167 Jay’s Favorites of 2010: Werewolves Of Montpellier
Lest people think my attack on Bigfoot was because of it’s “cutesy” factor– and not what I found to be problems in the writing– I bring to you my second choice for best of 2010: Werewolves Of Montpellier by Jason.
So much has already been written about Jason’s simplistic yet elegant style of drawing and writing that it’s daunting to me to try to add anything to the subject. But I don’t have to: this was one of my favorites last year, and I just have to tell you why.
[Spoilers ahead, if thats the kind of thing you're worried about in a Jason comic.]
The title refers to in Montpellier, France, where the main character Sven lives as a thief who dresses up as a werewolf. He does this so that, if luck may have it that he’s caught in the act, people would be so scared at seeing a werewolf they wouldn’t react to the thievery going on in front of them. All fine, until he draws attention to himself by getting his picture published in the paper.
One night he runs into a werewolf on the rooftops, which confuses the both of them. A brawl ensues and the werewolf falls off the rooftop, hereby setting Sven directly in sites of the city’s other werewolves.
(It should be noted that the Werewolves in this story are more or less just dudes who turn into werewolves every full moon, not uncontrollable beast creatures with a blood lust. Just dudes. Dudes who get all fangy and hairy, but more or less just dudes.)
This being a Jason book, the premise is only a backdrop to the real story: a love story between Sven and his lesbian neighbor, Audrey.
When not stealing jewels he pals around with Audrey, draws vignettes of the city and plays chess with his buddy Igor. Sven is kind of withdrawn, but not in a creepy way– more of a cautious way. He’s a pretty enjoyable guy, doing kind of mundane activities by day, which I assume levels him out from his crazy full moon jaunts as a fake werewolf.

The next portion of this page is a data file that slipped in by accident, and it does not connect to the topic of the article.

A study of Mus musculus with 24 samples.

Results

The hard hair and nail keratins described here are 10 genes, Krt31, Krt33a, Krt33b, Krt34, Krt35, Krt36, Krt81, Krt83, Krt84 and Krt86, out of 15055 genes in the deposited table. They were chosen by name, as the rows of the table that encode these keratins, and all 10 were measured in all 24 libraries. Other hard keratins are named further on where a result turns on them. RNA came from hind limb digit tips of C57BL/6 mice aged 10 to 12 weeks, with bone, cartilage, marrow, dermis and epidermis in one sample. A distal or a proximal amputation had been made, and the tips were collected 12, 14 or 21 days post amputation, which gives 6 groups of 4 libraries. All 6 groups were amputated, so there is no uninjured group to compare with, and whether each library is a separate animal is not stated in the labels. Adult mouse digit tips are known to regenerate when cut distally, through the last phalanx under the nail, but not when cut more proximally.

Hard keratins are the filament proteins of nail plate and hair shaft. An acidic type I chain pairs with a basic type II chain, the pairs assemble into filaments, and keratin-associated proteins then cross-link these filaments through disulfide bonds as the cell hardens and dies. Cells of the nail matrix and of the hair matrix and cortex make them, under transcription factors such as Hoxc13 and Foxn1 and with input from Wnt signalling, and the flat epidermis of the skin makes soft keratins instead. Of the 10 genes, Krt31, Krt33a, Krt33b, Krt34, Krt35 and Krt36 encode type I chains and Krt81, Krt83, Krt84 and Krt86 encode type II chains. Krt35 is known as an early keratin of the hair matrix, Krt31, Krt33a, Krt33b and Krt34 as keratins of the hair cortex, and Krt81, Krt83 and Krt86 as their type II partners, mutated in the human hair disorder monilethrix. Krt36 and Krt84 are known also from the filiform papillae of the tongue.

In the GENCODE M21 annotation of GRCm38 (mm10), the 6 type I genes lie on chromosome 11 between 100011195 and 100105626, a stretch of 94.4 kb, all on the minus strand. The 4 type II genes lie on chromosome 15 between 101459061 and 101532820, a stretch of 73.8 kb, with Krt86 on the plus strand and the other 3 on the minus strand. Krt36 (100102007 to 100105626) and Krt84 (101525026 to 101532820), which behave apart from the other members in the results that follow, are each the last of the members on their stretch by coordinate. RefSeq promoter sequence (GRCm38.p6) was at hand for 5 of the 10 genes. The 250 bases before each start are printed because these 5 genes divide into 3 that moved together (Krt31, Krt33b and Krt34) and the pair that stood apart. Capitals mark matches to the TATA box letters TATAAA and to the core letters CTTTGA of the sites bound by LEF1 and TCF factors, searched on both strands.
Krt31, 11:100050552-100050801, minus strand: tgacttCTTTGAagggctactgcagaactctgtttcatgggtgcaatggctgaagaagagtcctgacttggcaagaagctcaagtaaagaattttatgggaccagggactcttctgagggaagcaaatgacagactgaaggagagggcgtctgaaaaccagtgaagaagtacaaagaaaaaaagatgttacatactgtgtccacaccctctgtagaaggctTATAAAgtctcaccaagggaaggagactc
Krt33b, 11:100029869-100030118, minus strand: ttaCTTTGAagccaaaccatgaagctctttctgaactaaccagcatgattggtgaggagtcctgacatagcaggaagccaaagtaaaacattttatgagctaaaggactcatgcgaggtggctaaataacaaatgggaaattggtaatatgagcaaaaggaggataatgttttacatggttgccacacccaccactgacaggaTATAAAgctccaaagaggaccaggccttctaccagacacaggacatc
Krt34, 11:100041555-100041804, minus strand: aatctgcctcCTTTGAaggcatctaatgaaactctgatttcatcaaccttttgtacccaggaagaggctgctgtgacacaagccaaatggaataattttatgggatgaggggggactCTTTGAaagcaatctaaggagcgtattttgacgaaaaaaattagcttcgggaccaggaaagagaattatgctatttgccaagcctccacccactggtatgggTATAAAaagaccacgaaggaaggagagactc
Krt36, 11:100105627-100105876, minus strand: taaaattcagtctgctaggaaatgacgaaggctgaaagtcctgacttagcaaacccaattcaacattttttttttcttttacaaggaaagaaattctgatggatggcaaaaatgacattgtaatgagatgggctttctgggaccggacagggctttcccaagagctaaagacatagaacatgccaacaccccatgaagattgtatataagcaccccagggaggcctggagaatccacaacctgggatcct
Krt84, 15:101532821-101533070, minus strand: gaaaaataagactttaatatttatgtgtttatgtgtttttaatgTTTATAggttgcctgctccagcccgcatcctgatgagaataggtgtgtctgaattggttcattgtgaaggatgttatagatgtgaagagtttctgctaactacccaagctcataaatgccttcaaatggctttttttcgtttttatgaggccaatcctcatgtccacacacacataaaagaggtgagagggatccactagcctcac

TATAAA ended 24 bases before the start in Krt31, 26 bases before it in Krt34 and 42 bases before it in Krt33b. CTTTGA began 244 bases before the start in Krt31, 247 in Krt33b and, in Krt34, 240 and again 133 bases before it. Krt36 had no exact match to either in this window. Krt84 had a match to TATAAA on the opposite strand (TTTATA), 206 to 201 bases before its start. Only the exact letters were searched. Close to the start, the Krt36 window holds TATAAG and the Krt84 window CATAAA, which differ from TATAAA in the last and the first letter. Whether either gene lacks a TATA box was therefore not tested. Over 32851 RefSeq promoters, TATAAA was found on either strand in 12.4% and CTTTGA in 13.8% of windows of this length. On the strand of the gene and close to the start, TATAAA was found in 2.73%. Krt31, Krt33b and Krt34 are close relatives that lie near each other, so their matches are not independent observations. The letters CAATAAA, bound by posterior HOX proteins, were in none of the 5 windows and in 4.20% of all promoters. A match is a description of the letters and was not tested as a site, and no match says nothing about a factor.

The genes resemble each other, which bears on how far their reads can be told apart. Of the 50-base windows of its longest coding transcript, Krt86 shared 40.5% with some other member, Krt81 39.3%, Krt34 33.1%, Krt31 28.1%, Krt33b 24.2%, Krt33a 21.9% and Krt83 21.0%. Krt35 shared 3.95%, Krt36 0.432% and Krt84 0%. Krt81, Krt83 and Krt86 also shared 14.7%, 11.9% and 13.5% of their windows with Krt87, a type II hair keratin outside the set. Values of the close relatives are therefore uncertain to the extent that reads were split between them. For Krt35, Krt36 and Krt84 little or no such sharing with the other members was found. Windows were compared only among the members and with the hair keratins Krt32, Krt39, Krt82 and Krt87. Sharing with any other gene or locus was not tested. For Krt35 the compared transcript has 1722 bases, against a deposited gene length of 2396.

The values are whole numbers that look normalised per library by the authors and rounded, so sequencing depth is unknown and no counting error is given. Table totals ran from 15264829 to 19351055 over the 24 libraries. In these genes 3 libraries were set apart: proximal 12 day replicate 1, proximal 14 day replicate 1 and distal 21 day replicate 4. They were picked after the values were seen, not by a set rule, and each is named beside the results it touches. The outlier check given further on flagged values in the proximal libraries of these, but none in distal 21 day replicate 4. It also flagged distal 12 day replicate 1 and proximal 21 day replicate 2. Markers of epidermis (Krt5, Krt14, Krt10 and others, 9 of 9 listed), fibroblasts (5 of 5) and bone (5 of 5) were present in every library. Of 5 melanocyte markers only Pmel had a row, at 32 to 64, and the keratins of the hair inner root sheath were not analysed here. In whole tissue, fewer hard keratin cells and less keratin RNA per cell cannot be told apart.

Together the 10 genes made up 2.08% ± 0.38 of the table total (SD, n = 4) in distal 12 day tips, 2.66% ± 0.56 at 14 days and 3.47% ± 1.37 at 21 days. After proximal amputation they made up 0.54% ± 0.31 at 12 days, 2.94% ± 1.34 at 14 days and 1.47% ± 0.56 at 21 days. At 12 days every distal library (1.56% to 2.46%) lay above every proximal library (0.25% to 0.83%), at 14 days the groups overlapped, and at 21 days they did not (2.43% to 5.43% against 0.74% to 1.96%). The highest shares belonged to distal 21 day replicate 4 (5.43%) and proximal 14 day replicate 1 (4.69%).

Not wanting to ruin the ending of the story, I would like to focus on why, for me, this was one of the best books of last year.
In the middle of the story, Sven meets one of Audrey’s friends Celine at a party, thrown by Audrey. The two get along, and so Audrey forces Sven to ask Celine out on a date. Sven goes to Celine’s house, where they end up smooching. Celine stops him.
“You’re in love”, she says to Sven. Sven responds: “I am?” Celine takes his hand. “With her. That’s not going to work you know.”
Sven nods. “I know,” he says, as he gets up and leaves.
This one page of the book moved me. When I’m reading, or watching a movie, I tend to drag my personal history into it. It plays on my ability to properly critique, sometimes. But I think the reason stories work in general is because they essentially tell a universal truth that people can relate too, or, minimum, accept as true for that character, even if they disagree. For me, that one page stung a little. I’ve had the experience of going out with a girl, and having her see right through me. She was smart enough to call it quits, too. I was reading a comic, the truth of that moment dragged me out, put me into my own history, then I came back to the story more intensely than I would have imagined when I picked the book up.
Werewolves of Montpellier has a couple of other moments like this as well. A lot of Jason books tend to do this to me: I’ll be in the middle of some ridiculous story about werewolves, or time traveling to kill Hitler, and in the middle of it I get dragged out and remember a stupid or wonderful moment in my own life. Which is kind of wonderful writing, in my opinion.
1.I have been plagued for about two months now about an ending to a script, that will effect the beginning of the script, when I am not writing these things, I am contemplating driving my car into a wall in hopes that it will kick start my horrid brain into some ending I can live with.
I just wanted you to know how I suffer. I’m like an artist and shit.
2.Soundtrack to this writing was a compilation called “All Tore Up: unrequited love, Tormented Romance, Tragedy and Tear Jerkers 1955-1968” which is just the most amazing songs from the blues and funk end of the musical spectrum Songs with grown men sobbing into the mic about love gone bad, hearts buried. Woman who were done wrong, and moving on. Singing out their hearts even though they effectively don’t have one anymore. It’s oddly not depressing. More of a “Better you than me” thing going on.